Catastrophic Injury or Illness

After a serious accident or permanent injury, the injury victim and their family may want to continue living in their home. However, some homes are not equipped for the lifestyle and safety changes to accommodate the injury, dysfunction, or impairment. Home modifications can adapt the home to provide for the patient and provide a safe and comfortable place to live after an injury.


There are a number of modifications to the home that may be necessary or beneficial after an injury. The extent of modifications may depend on the current suitability of the home, the extent of the injury, and the permanence of the injury. Some homes may need no modification and other homes may be impractical to adapt for the type of injury. 

When thinking about home modifications, consider how limiting the standard home may be. Knob door handles can be difficult to turn for someone with limited hand strength or mobility and may have to be replaced with lever door handles. Light switches are 4 feet or higher off the ground and may be difficult to reach. In places like the kitchen, more than half of the storage space may be completely inaccessible. The following provides information for some of the types of home modifications for injury victims.   



Some injuries are temporary and may only require temporary modifications. This may involve purchasing or renting medical equipment to help the patient deal with their day-to-day needs while they recover from their injury. Some examples may include:

Some of these modifications can be set up temporarily and be put away or returned to a medical equipment rental company after they are no longer necessary. 


Home modifications begin outside the home. Outside modifications may be necessary for the individual to be able to get from a vehicle inside the home. For homes without private or separate parking, a dedicated disabled parking spot may allow the individual to park near their home. Other outside modifications may include a ramp, change in grading, change in walkway or approach material, and improved lighting. 


Many homes have stairs to the front door that can be difficult or impossible to navigate for someone with mobility issues. If there are a number of steps or a steep stairway, a ramp may not be practical and the only other options may be an elevator or motorized chair.



Your home’s doorways and hallways may seem wide enough when walking but may become impossible to navigate with a wheelchair. A wheelchair also has a wider turning radius, which may be an issue in older homes with sharp turns and multiple doorways. If moving furniture or removing doors is not enough to provide for getting around by a wheelchair, doorways or hallways may have to be widened or moved. This may require structural changes and can be a more involved and expensive proposition.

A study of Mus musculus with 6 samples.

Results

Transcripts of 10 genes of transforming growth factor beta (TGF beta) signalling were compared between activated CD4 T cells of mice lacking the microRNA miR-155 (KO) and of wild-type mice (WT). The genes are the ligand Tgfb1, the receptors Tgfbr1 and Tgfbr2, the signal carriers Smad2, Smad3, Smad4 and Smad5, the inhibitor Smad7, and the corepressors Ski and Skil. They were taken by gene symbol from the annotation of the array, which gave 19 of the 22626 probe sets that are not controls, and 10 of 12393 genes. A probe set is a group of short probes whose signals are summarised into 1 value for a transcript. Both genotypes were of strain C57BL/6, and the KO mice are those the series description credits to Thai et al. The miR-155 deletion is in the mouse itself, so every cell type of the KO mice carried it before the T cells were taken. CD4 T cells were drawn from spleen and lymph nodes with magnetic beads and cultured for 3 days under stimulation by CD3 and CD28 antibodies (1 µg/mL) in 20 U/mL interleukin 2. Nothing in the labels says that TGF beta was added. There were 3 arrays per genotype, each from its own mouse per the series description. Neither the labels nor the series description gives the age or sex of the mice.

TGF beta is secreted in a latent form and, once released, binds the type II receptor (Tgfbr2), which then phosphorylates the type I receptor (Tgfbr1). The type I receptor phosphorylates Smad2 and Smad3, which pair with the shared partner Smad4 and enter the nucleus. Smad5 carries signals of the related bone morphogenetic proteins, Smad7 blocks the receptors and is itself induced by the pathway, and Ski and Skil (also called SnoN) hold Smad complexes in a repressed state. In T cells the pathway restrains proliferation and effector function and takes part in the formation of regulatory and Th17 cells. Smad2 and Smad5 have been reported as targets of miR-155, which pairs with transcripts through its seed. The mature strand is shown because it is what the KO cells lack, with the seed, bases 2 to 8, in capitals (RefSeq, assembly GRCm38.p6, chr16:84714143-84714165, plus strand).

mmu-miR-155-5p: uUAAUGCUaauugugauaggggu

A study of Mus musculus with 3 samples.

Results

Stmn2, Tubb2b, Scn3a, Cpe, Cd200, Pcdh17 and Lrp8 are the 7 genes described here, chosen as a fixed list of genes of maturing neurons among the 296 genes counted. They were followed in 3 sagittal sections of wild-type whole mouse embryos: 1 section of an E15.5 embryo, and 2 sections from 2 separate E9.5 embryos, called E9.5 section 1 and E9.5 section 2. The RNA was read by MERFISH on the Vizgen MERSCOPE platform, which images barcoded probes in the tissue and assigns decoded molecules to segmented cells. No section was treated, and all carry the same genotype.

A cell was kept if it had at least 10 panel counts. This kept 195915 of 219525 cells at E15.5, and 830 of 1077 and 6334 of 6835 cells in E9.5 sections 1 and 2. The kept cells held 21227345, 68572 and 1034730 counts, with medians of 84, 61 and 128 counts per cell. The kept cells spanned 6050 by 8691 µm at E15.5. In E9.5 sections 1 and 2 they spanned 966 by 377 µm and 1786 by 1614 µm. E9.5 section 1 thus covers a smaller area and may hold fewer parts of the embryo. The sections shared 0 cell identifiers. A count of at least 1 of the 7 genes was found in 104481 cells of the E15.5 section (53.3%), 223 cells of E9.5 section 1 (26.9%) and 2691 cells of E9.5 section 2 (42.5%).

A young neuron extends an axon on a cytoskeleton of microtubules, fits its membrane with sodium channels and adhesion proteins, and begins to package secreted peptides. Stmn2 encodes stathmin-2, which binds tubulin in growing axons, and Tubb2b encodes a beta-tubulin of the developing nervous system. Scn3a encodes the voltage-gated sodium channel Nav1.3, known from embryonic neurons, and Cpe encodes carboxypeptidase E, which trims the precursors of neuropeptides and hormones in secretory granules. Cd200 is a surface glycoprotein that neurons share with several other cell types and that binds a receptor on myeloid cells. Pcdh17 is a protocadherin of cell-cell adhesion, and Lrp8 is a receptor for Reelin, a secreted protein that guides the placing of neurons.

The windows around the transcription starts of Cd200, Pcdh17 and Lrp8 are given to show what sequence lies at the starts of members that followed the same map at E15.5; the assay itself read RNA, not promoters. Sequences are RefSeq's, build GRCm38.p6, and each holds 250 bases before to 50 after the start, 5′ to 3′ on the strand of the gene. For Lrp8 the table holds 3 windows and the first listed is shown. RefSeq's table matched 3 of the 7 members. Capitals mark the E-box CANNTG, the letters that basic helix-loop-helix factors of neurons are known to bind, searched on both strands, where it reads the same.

Bathrooms regularly need modifications as they can be difficult to use for someone with a disability. Many bathrooms in older homes are small and narrow and cannot accommodate a wheelchair. Individuals also need a way to get from a wheelchair to the toilet or wheelchair to the bath. Bathtubs can present another hazard as they are slippery from water and soap and can increase the risk of a slip and fall. 

Minor home modifications in a bathroom include grab bars, raised toilet seats, and handrails. Some patients may require assistance to use the bathroom, shower, bathe, or take care of their hygiene. For assistance, the bathroom size may have to be increased to provide room for the patient, caregiver, and assistive devices. 

Showers may have to have a separate thermostat or shut off if the water gets too hot and poses a scalding risk. Individuals who are non-verbal may not be able to express pain or discomfort in water that is too hot or cold. Bathrooms may also have to be modified to allow access to the sink and address exposed hot-water pipes that may present a burn injury risk. 


The kitchen can be one of the most problematic rooms to modify, especially for an independent person who plans to cook most of their meals. High cupboards may be inaccessible and if the individual is wheelchair-bound, most of the counter space may have limited function. The sink, freezer, or microwave may also be out of reach. Kitchen modifications for some may involve dropping the level of usable space down to an area that is comfortable for the user. 



There are a number of fall hazards and burn injury risks inside the average home. These are the kinds of things parents think about when they have young children in the home but may forget about for people with a disability, paralysis, or mobility problems. Stairs and uneven surfaces present a fall risk. Sharp corners and protrusions, especially at the head level, can pose another risk of injury. 

The surfaces of a home may also have to be changed. Loose rugs can become tangled in a wheelchair or pose a trip hazard for someone with limited mobility. The surface of the kitchen, bathroom, or sidewalk may need non-skid surface materials to reduce the risk of a slip and fall accident.